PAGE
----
A key measurement of any corporate leader is how much confidence your employees have in you.

Doug Yearley, Paul Touhey and Dan Calista were evaluated by their workers as part of the 2013 Philadelphia-area Workplace Dynamics survey, and found to be the best leaders in area business for companies of their size.

Yearley took over as CEO and director of luxury home-building giant Toll Brothers in 2010 amid the great Recession, an upended housing market and sharply declining home values.

Yet, he and his Horsham-based company weathered the storm without cutting the niceties, including $1,000 employee referral bonuses and discounts on cars for workers and their families through the Reedman Toll dealership in Bucks County.

All 3,000 employees can still reserve luxurious guesthouses in vacation spots year-round and invite family and friends. After a decade with Toll, workers get an expense-paid trip for two to a destination of their choice.

Workers credit Yearley for seeing past the stock price and down quarters to a brighter future, and for sharing that vision with them.

"He is empathetic, decisive and intelligent," one worker wrote of Yearley, the large-company leader of the year, according to surveys conducted by WorkplaceDynamics.

Another said, "He motivates, understands, teaches, mentors, and communicates very well."

"He doesn't just tell top leadership and hope the information trickles down," one respondent wrote.

Another praised Yearley for "strategically positioning and growing the company."

Managing growth in a Japanese-owned company hasn't always been easy for Paul Touhey, president/CEO and director of Fujeribo Diagnostics, Inc. and the medium-sized company leader of the year. His firm, which has its U.S. headquarters in Malvern, Chester County, is a world leader in tumor marker tests and in vitro diagnostic products, with an emphasis on oncology.

"The President & CEO is a great leader, the best in the business," one respondent wrote, "but the majority of the people feel that he is limited in his decision-making due to the fact that the upper management in Tokyo continuously have reversed some of his decision regarding how to grow the business."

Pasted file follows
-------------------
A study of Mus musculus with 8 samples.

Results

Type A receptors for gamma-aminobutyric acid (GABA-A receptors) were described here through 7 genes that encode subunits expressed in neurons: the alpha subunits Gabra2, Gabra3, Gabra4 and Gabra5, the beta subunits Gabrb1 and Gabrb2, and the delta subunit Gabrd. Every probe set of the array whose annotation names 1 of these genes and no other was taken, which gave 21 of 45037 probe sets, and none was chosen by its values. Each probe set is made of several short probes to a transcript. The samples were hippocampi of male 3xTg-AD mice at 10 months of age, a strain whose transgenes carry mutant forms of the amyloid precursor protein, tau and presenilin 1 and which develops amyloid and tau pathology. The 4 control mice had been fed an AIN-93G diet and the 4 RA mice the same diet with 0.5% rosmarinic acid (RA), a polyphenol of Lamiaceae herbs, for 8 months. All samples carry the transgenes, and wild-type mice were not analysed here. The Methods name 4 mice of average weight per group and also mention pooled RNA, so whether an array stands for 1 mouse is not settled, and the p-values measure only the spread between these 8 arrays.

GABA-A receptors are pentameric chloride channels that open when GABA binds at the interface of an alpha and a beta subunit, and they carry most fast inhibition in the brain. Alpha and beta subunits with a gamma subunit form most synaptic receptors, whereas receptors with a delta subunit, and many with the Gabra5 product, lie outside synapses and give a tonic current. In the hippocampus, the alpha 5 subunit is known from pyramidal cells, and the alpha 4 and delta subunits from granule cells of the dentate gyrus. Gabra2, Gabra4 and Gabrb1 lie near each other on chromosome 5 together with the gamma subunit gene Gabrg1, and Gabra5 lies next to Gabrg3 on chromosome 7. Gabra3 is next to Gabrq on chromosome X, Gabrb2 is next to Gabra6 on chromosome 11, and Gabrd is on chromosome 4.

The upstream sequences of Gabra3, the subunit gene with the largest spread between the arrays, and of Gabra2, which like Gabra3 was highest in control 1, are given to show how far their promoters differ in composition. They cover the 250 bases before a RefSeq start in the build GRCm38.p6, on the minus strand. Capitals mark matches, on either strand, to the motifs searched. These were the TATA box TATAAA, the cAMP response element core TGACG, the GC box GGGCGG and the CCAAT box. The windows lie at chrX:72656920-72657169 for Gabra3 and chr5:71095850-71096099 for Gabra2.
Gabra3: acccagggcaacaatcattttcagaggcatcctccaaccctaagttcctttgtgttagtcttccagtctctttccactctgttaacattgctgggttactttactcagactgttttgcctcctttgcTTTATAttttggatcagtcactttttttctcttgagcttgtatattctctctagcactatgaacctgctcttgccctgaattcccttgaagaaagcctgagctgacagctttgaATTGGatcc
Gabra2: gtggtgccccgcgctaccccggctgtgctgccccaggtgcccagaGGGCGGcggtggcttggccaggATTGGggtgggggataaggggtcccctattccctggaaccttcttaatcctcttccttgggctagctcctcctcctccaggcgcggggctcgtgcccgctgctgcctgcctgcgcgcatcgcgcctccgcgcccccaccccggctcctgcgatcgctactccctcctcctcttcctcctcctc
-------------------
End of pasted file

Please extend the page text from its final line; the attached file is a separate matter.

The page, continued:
Fujeribo gives its 220 U.S. employees Fridays off and an annual bonus. The company also offers an in-house fitness center, fitness classes, personal sessions with a fitness trainer, wellness programs, free flu and Hepatitis B shots and free prescription safety glasses. Employees who work out during lunch get an additional 15 minutes.

Yet employees didn't heap praise on Touhey for the perks, but rather his honesty.

"The CEO and upper management don't hide anything from the staff, which makes everyone feel like they are well-informed," one wrote.

Another said, "He communicates with the company well and let's us know what is going on. Unlike other companies I have worked for, our CEO doesn't hide information from the employees and everyone knows where they stand. Have an honest leader is something that is critical for any company that wants their employees' trust and our CEO does a great job at that."

Vision set Dan Calista, founder and CEO of Vynamic, apart as the small company leader of the year. His Philadelphia-based management consulting firm specializes in the healthcare industry and has 65 employees, up 15 from a year ago. The company plans to hire 17 more this year.

Each employee can become an "Otter," a term for those who participate in the company's Opportunity to Thrive (Ott) program which stresses creative play for sheer enjoyment. Last year, that included lunch with Vanguard founder John Bogle, a visit to Wyebrook Farm and even cooking lessons. Each employee is also given $100 annually to donate to a charity at which they also volunteer.

"He is visionary in his commitment to the local market, healthcare industry, and vitals which support our growth," one worker wrote of Calista. "Dan does really set the tone about what is important and that is the people of Vynamic first...everything just seems to fall into place."

Workers praised him for listening to them, being thoughtful and for seemingly being ever present.

"He leads, it's that simple," one worker wrote. Another added, "We've established a clear organizational purpose, vision, and values, and Dan helps ensure that everything we do is in alignment with those core principles."

Dave Ralis produces the Business channel on Philly.com.